The Trevo retriever registry showed the overwhelming benefits of stent retrievers to treat acute ischaemic stroke. It found that a final postprocedure TICI score of 2b or 3 was achieved in 93% of patients. At 90 days 55.3% of patients had a mRS of 0–2. The data indicated that results after six hours last known well are similar to results before six hours, and that late window thrombectomy use is of real benefit to patients.
The Trevo registry was designed to assess the real-world outcomes of the Trevo Retriever (Stryker) in patients with ischaemic stroke. It was the largest prospective study for acute stroke intervention and enrolled 2,008 patients. Revascularisation status based on post-procedure TICI scores was the primary endpoint and the secondary endpoint were 90-day mRS, 90-day mortality, neurological deterioration at 24 hours and device-or procedure-related adverse events.
The only requirement for enrolment was that patients needed to have confirmed large vessel occlusion (LVO) and the Trevo retriever needed to be used as the first device. This meant that there was no upper age limit of patients, a pre stroke mRS of 0–5 was included, there was no lower or upper NIHSS. The thrombectomy could be performed without tPA and there was no time limit to groin puncture.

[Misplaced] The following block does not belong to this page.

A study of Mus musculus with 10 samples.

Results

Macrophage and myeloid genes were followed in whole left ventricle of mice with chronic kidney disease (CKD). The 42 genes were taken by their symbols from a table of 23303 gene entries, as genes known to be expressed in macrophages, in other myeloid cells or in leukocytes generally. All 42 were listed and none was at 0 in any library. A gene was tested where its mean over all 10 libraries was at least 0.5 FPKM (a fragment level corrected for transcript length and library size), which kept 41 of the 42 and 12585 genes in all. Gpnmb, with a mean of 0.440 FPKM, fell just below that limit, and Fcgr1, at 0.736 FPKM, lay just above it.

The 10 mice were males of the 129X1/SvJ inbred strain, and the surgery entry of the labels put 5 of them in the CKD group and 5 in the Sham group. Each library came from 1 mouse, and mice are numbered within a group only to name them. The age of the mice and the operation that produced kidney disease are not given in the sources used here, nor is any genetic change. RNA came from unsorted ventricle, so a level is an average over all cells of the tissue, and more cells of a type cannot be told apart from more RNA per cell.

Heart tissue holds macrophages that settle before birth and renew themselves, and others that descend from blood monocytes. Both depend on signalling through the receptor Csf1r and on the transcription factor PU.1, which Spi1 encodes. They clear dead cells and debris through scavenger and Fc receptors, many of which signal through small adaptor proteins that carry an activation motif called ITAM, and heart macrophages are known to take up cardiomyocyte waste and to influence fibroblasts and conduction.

From symptom onset to groin puncture, 68.1% received treatment in under six hours, 9.6% received treatment between six to eight hours, 8.9% received treatment in 8–12 hours and 13.4% received treatment after more than 12 hours. The study was started before the DAWN trial results were published but it showed the real-world application of thrombectomy beyond the six hour time window and the effectiveness of these interventions.
The registry evaluated all clot locations. M1 was the most common location for clot (54.7%), with 18.7% being M2 and 17.8% were internal carotid artery (ICA). The average patient was 68.3±14.4 years old and the most common comorbidity was hypertension, which occurred in 74.2% of patients. The group was 51.8% female, 36.1% had atrial fibrillation and the baseline NIHSS score median was 16(11–20). Out of the cohort, 52.3% received IV tPA prior to thrombectomy.
At first pass 62.3% achieved mTICI 2b/3 revascularisation and post procedure 92.8% had achieved this. Long-term outcomes were good. Of those treated in less than six hours from onset 57.2% achieved functional independence (mRS of 0–2) at 90 days. Patients treated after six hours achieved a good functional outcome in 51.3% of cases.
The safety endpoint was reached within 48 hours in a small percentage of cases. In 1.7% of the cohort the safety endpoint was reached because of symptomatic intracranial haemorrhage, 4.8% experienced neurological deterioration within 24 hours. The mortality rate within 48 hours was 0.6% and 2.4% of the cohort experienced procedure or device related serious adverse events.
The results were presented by Mandy Binding (Global Neurosciences Institute, Philadelphia, USA) at the International Stroke Conference (ISC; 24–26 January 2018, Los Angeles, USA).